Doors are opening at Apple stores across the globe as the new iPhone 6 and 6 Plus go on sale.
As the world turns and the sun rises on Friday, September 19, Apple stores are opening their doors as the new iPhone 6 and iPhone 6 Plus go on sale around the globe.
This year’s iPhone 6 and iPhone 6 Plus are most noted for the new scaled-up sizes of 4.7-inch and 5.5-inch respectively, giving Apple attractive new options for fans of the larger handsets so common in the Android phone market. Both models include the new 64-bit A8 processor, an improved 8-megapixel rear camera, better battery life, and an NFC chip that, at launch, will be used exclusively by the Apple Pay payment service, which launches in the US in October.
The iPhone 6 is available in silver, gold, and space gray in 16GB, 64GB, and 128GB sizes, with respective contract-free prices of $649, $749, and $849 in the US; £539, £619, and £699 in the UK; and AU$869, AU$999, and AU$1,129 in Australia. The iPhone 6 Plus is available in the same colours and capacities, priced at $749, $849, and $999 in the US; £619, £699, and £789 in the UK; and AU$999, AU$1,129, and AU$1,259 in Australia. US contract prices start from $199.
Demand for the iPhone 6 and iPhone 6 Plus was so high when preorders began last Friday, Apple’s online store and various carriers couldn’t keep up. Outages plagued the Apple Store site for more than two hours after the iPhones became available for presale at midnight PT. Despite the outages, customers scooped up the devices at a rapid clip. Within hours all iPhone 6 Plus models were on a three- to four-week delivery delay, while most iPhone 6 models were available in 7 to 10 days. Apple later announced record preorders of over four million iPhones. Despite these intensive preorders, Apple said all models will have some stock available in stores for launch day.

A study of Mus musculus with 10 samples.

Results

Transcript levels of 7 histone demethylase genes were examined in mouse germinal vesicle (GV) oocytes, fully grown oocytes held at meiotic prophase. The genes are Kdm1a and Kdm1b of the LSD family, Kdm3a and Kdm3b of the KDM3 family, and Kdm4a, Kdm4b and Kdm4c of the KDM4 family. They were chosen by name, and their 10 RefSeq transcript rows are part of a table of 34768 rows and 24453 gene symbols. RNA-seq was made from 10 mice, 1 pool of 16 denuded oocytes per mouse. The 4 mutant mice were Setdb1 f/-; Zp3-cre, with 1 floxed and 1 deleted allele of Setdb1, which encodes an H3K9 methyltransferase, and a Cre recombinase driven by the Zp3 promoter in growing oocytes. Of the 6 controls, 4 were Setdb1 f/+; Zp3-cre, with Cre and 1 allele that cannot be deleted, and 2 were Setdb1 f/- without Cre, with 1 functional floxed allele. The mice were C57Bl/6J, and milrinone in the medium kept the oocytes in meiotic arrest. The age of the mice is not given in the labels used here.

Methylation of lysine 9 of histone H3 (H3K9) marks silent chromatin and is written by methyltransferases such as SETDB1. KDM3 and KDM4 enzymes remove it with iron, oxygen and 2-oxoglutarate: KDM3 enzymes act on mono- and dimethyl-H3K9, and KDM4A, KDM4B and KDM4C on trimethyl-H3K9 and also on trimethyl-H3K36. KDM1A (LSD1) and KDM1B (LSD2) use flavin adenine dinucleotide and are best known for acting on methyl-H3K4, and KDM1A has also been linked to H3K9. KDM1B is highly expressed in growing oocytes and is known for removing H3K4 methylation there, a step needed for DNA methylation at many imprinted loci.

SYDNEY — First in line for the world’s first on-sale timezone is Salvatore Gerace, who has been in line since before the Apple announcement event last week. He admits he is here as a PR stunt for his new app and will be giving away the phone as a prize to promote his company.
The queues in Sydney are the strongest seen since the iPhone 3G (Australia’s first iPhone), and estimates put the number in the queue just before opening at over 1200. Apple has been using iPads to help customers in the queue prepare their orders prior to the 8 a.m. opening time.
Others in the Sydney queue include Claudius Stocker, a backpacker in the line at number 30, having only arrived a day previously. While he’s clearly an Apple fan — “they do everything better than the other manufacturers”, he assures us — he’s also here to make money.
“I am also shooting a documentary,” he says before co-opting a friend to film us filming him. Rather candidly, he admits that he’ll be “selling my iPhone 6 as soon as stocks run low — I am a poor backpacker and this is almost a few days work for me!”
Further down the line are Rafael and Eduardo, both Brazilian. “We came over from Brazil just for this!” They’ve queued since lunchtime Thursday but are a clearly excited enough about their trip that even sleeping out overnight feels like an adventure. Rafael plans on getting the iPhone 6, while Eduardo is keen on the Plus. “It might be too big, but I want to try it myself to find out.”